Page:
R Dir: Alexander Payne | Paramount | 2h 15min
Plot: What’s it about?
Over the last couple decades, Alexander Payne has made some great films. They’re character-driven and memorable. He’s tackled issues in them, mainly with his first outing: Citizen Ruth. He gained more notoriety with 2000’s Election and continued that trend with follow-up films like Sideways, About Schmidt and The Descendants. Looking at Downsizing, it had everything right on paper. You’ve got a film led by Matt Damon, who handled The Martian with seemingly relative ease and, of course, Payne. What could go wrong? Well, as it turns out, quite a lot. The film has a great premise that ultimately loses itself about halfway through. What happened?
Damon plays Paul Safranek, someone who’s probably spent the better part of his life correcting people on how to pronounce his name. He once had aspirations of being a surgeon, but his mother’s health lead him astray. He works as an Occupational Therapist for a less-than-desirable income at Omaha Steaks. He and wife Audrey (Kristen Wiig) can’t ever seem to get ahead in life. This might all change, though, when a new technology called “downsizing” is introduced to the world. Normal adults are literally reduced to mere inches and with the smaller footprint, a moderate family can live a life of luxury in one of many resorts. Paul and Audrey take the plunge only Audrey bails at the last minute, leaving Paul alone, broke and 5 inches tall.
Paul manages to eek out a living by working as a telephone operator for Land’s End (one of the many product placements found in the film), though he looks at his life and wonder what’s really changed. His upstairs neighbor, Dusan (Christoph Waltz) has found a way to make money in the “small world” and it’s also there where Paul meets Ngoc Lan Tran (Hong Chau), a political rebel who’s been shrunk by her home country. Hobbling around on one leg and cleaning apartments of the wealthy just to get by. From there, well, things get a bit weird and I won’t tell you what happens because it neither makes sense and totally derails the film. So…what happened?
In short (sorry, I couldn’t resist) the premise for the film is ingenious and I’d like to say “…in the right hands” but I think it was in the right hands. This could have easily been one of the standout films of 2017. There are big names attached like Jason Sudeikis, Neil Patrick-Harris, Laura Dern and Kristen Wiig, but they’ve got about 10 minutes of screen time – max. It’s all Damon’s film with some well-deserved help from Christoph Waltz, who delivers the film’s best performance. The film can’t decide what it wants to be or what it wants to say and, ultimately, we’re the ones who pay the price. Lastly, at 135 minutes, it’s one that’ll have you checking your watch as the final act drags on and on.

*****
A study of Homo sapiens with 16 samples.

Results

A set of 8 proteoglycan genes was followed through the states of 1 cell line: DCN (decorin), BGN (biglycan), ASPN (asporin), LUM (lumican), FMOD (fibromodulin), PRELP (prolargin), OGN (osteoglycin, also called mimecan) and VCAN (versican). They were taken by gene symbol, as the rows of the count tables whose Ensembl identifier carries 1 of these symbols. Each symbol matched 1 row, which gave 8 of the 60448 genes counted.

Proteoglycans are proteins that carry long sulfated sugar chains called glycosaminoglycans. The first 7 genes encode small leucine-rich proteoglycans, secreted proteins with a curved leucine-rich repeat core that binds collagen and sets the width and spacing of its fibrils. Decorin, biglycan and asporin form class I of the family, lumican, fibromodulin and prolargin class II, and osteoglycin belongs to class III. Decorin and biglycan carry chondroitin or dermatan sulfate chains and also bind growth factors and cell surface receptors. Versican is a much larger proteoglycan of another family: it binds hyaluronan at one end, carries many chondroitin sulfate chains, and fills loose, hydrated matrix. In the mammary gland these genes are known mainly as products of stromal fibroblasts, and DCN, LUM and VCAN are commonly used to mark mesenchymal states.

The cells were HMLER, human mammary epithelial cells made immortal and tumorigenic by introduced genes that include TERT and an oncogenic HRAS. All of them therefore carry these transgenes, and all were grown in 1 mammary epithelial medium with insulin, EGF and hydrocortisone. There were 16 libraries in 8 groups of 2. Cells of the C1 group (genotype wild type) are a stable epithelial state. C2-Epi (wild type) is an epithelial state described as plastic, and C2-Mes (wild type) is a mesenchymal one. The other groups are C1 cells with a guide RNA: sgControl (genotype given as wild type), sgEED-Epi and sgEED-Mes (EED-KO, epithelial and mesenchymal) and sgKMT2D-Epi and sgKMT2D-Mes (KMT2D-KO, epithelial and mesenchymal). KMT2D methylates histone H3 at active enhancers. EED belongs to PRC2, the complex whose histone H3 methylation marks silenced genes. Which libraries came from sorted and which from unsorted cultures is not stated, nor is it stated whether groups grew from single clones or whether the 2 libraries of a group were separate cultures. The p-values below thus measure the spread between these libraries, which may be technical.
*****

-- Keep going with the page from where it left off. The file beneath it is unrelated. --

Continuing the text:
Video: How’s it look?
Paramount’s 4K presentation of the film looks the part and the image rarely misses. Sadly, Damon’s once golden locks have been replaced by shorter, thinning and greying hair and he’s not the young buck we saw in films like Good Will Hunting or Rounders. That aside, the visual effects seem natural and work well in the image. The final act takes them across the globe to Norway, or at least I think it’s Norway, it might be some other picturesque location. The increased color depth of the Ultra HD image adds a bit more to this version over its Blu-ray counterpart.
Audio: How’s it sound?
The same DTS HD Master Audio track on the Blu-ray can be found here and as disappointing as it is not to have a next generation track, it might have been wasted. Aside from a party scene at Dusan’s place, there really isn’t a lot of call for dynamic sound. There are some passing directional effects, but the majority of the film is dialogue-driven, as are all of Payne’s. It’s a bit disappointing when the extra money is used for a 4K version and you don’t get a lot in return. Then again, the same might be said for the film.
Supplements: What are the extras?
- Working with Alexander – The actors discuss what it’s like working with the acclaimed director.
- The Cast – Basically the same as above, only the compliments flow towards the actors.
- A Visual Journey – We get a good look at the visual design, what it took to make the place look “tiny” and some various tips and filmmaking tricks.
- A Matter of Perspective – Piggybacking onto the above feature, we get a more technical look at how the visual effects were achieved.
- That Smile – Matt Damon and his “classic good looks” are featured.
- A Global Concern – To its credit, the film does raise a pretty valid point about the environment, and we get a bit more information with this feature.
The Bottom Line
Downsizing is a rare misfire for both Damon and Payne. They’ve both done great work in the past and I’m sure they’ll continue to do it in the future. The film had a great idea and it started off with a very promising concept, but it just lost momentum and lacked direction. It continued to skew from tangent to tangent and lacked any discernible meaning. Simply put, they just didn’t know how to end it. Paramount’s 4K disc looks and sounds fine and the standard offering of supplements doesn’t hurt, but this one is only for the die-hards.